In late July 2011, David Willetts, the UK’s Minister for Universities and Science, invited academics, technologists, hardware and software suppliers and experts from the Research Councils to discuss the establishment of an e-infrastructure roadmap for the UK. Following on that, a report was written exploring these issues, a significant investment was made for a 10-year roadmap, and a leadership council was assembled (of which I’m a member) to advise the government on how best to spend this investment for the maximum public good.

The funds allocated to this project come from the hard infrastructure budget for the UK (think roads, tolls, etc.), dedicated in this programme to “e-infrastructure” – digital infrastructure to help business, academia, industry, and the research enterprise. This includes funding and maintenance of a plethora of things: networks, computation, software, skills training, technologies. Together with other representatives from industry, academe, funding bodies and officials, we will be advising the government on how best to use these funds over the next 10 years to help encourage data science, technological development, and emerging business.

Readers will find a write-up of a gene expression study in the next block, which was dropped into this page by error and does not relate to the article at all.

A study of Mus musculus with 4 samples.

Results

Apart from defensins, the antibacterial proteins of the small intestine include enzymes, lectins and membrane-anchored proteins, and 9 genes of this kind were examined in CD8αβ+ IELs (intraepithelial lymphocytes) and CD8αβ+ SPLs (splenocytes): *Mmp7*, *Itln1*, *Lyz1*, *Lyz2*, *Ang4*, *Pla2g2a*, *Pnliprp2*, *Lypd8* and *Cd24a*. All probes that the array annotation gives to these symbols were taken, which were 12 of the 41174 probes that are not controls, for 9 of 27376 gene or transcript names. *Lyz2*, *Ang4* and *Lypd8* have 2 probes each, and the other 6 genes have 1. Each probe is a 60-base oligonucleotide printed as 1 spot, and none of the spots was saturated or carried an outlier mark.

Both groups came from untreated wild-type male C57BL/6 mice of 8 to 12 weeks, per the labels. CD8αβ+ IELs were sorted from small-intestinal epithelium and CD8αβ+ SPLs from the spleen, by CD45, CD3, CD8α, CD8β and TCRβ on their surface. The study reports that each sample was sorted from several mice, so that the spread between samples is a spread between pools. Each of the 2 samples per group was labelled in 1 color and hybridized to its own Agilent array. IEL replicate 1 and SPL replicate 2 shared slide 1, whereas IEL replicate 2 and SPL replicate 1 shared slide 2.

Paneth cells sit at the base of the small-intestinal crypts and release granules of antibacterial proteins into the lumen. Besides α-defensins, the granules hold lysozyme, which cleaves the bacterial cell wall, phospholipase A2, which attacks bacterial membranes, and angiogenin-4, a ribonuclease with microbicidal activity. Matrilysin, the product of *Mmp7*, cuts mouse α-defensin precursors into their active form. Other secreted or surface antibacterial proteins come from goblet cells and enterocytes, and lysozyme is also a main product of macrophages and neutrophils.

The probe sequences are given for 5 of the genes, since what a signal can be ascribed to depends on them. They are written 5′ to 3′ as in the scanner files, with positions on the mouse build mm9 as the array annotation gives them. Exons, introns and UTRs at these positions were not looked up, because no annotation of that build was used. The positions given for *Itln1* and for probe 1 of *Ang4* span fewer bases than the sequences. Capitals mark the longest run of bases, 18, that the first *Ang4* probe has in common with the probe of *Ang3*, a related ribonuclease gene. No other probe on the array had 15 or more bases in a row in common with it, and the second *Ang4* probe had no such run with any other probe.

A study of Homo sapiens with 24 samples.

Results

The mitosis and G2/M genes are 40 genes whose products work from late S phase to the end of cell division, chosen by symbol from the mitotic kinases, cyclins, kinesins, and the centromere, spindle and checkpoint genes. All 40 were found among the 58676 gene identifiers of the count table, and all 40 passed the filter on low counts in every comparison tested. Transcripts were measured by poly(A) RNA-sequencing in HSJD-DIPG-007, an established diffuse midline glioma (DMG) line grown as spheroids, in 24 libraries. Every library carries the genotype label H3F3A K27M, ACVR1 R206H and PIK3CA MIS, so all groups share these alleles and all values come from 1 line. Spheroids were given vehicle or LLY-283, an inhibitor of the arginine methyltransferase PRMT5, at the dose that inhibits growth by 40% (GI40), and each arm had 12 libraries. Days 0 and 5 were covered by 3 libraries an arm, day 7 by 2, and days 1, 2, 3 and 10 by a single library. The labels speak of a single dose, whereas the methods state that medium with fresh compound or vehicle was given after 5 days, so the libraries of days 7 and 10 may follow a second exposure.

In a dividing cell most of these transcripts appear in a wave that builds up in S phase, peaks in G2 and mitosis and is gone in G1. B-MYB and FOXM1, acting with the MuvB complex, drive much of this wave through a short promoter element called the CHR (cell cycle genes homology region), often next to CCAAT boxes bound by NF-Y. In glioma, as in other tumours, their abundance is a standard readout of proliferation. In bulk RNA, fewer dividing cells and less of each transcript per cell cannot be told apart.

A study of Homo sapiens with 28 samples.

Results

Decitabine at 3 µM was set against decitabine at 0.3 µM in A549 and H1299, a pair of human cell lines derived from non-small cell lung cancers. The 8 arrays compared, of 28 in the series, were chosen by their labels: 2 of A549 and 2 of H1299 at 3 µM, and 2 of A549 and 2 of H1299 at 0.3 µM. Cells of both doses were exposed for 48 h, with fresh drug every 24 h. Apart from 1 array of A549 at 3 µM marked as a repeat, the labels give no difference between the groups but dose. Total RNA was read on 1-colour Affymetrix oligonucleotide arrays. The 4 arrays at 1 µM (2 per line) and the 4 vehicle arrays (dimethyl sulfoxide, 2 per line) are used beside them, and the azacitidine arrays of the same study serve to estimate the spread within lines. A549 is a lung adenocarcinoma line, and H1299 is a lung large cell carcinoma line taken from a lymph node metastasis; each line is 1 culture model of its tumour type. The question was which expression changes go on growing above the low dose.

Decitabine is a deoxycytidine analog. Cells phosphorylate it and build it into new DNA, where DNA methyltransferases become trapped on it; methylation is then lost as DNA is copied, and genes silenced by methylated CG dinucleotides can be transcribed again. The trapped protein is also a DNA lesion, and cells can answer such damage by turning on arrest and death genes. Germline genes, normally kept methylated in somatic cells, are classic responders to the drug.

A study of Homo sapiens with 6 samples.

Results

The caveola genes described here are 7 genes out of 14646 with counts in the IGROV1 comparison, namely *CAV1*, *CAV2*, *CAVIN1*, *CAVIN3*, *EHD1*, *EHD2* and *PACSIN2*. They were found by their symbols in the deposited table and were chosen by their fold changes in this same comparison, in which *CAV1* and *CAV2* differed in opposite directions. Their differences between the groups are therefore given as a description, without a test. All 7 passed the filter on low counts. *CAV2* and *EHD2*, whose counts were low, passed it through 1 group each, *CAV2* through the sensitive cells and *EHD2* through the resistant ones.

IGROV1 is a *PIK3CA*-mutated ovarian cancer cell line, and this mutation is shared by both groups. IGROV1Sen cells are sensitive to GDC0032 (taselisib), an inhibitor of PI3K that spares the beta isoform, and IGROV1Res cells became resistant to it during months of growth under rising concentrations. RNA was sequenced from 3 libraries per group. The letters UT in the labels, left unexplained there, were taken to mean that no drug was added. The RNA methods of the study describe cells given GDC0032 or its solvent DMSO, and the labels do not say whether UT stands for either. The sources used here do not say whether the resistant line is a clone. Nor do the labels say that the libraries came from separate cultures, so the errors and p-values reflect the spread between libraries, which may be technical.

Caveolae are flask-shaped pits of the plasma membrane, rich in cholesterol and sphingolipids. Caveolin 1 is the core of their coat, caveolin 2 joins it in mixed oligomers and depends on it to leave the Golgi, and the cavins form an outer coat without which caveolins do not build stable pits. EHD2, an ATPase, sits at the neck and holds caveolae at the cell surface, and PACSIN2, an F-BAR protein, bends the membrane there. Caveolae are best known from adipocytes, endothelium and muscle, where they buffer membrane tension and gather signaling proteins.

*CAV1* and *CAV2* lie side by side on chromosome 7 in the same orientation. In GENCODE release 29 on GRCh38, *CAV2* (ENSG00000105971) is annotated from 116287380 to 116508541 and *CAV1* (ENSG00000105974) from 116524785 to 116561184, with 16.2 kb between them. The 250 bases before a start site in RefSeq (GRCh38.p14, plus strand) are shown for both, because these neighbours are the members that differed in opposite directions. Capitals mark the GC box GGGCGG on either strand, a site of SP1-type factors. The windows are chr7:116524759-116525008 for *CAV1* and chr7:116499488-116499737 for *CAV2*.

Digital Science sits as an industry representative on this council, as a voice for the communities we work with and care about: the start-up community, researchers looking to embrace digital technologies or spin-out businesses of their own, and small business. Following the first meeting of the leadership council (ELC) this past March, it became apparent that those communities were not as well represented in the discussion as they could be – their needs not mapped to what is, in essence, public money to foster and further emerging business, innovation, and research in the UK. 

I’ve been tasked with leading a working group to explore the needs of these groups to help inform the broader council on how e-infrastructure affects them, and to gauge their awareness on existing programs and infrastructures that although publicly funded and designed for their use, may be under-utilised. 

To do this, we have released as of today a short survey called “The future of UK’s digital infrastructure”. It will be live for the next two weeks, closing on 13 June, from which we’ll distill the results into a report to present to the larger council in July. All of the results will be made publicly available under a Creative Commons license.

Do join me in spreading the word about this survey, accessible at the following address:  This is your chance to directly influence not only how this funding is divvied up, but also affect how the UK views data-intensive science, business, and digital technologies for years to come. 

(Update: The deadline for the survey has been extended to 22 June 2012.)